Skubick: Lame duck lawmakers race to the finish line

Michigan

A $55 million addition to the state capitol is in play during the lame duck legislative session and a new race track in Schwarz Creek would benefit from a new gaming expansion bill which is also pending.  

Protesters are singing about the lame duck session.

They don’t like it.

But lawmakers do like it because it gives them a chance to bring home the bacon to their districts.

For example, a local senator is pushing a $55 million welcoming center and auditorium that would be built in back of the state capitol for school kids.

“It’s more than an auditorium,” said state Sen. Curtis Hertel, Jr. “It’s a welcome center that is now lacking so that when school kids come here they will learn about the history of Michigan and that is important.”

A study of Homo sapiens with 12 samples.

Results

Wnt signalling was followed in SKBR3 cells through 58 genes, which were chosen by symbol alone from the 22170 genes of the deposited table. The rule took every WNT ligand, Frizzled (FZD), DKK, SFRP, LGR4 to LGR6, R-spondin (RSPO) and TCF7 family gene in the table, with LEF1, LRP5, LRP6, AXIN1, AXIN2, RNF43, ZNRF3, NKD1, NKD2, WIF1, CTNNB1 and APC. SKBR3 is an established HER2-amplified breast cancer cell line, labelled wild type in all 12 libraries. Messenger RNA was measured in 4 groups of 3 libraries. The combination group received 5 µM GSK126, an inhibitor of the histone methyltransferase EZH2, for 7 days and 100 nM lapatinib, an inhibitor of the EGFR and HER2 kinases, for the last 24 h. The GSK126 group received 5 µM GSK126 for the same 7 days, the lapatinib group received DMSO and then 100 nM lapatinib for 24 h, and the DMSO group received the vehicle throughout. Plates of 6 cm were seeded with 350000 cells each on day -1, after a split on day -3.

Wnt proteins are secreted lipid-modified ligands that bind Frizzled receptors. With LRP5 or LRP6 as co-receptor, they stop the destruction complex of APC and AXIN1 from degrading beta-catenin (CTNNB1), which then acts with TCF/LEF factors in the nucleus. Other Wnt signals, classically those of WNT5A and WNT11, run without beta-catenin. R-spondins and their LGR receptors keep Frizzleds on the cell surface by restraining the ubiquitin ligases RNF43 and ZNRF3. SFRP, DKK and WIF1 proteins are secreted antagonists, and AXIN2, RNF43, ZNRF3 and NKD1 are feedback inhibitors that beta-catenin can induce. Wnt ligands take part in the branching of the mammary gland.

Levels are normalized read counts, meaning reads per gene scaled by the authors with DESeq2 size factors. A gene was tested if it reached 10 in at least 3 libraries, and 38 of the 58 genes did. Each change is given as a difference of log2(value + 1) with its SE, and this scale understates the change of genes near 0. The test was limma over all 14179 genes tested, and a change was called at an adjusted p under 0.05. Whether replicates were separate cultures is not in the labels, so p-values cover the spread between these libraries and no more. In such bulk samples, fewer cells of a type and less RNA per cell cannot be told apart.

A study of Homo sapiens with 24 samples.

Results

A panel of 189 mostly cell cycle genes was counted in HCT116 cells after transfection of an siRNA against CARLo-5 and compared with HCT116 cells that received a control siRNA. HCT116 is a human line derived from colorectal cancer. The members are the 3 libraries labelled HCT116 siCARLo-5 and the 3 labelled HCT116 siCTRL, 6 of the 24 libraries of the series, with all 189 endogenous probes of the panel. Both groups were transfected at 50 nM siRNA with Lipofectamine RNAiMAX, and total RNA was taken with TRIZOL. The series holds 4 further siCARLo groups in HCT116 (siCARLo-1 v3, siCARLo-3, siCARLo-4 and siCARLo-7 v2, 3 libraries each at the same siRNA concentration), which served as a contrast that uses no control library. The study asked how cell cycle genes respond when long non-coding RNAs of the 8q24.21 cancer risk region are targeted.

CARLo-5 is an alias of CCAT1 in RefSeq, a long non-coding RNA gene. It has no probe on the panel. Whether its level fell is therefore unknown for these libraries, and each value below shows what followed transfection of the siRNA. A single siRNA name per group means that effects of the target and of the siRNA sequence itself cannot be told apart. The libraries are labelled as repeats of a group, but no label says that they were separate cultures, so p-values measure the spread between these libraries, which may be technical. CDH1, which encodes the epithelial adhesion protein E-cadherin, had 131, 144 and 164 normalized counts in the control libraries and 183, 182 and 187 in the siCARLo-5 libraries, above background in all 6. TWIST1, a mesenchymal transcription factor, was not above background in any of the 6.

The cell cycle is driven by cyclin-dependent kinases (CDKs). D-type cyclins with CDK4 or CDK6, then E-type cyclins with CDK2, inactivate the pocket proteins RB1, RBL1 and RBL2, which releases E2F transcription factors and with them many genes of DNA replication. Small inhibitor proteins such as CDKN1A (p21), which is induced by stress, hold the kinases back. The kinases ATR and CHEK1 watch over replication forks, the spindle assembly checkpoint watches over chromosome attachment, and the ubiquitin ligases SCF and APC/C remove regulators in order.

Lawmakers are also debating a major expansion of gambling, including fantasy sports betting and horse racing wagering on your phone and for a new race track at the old site in Schwartz Creek next spring.

“What it will allow us to get more money by allowing betting on your phone,” said horse racing industry lobbyist Larry Jullian. “We get the tax revenue from the wagering that are done.”

Those who want to revamp the no-fault car insurance system are making an 11th hour push to give consumers a choice.

Instead of unlimited medical coverage, drivers could buy less coverage.

State Rep. Sylvia Santana explains, “You have choices which doctor you want so give people options when it comes to auto insurance.”

But the trial bar says if you pick lower coverage, when you are seriously hurt you won’t have the money to cover the cost.

“They don’t have it,” said trial lawyer Stephen Sinas. “And it does have economic harm way beyond what the alleged savings if this bill passes.”

The lame duck legislative session wraps up on Thursday.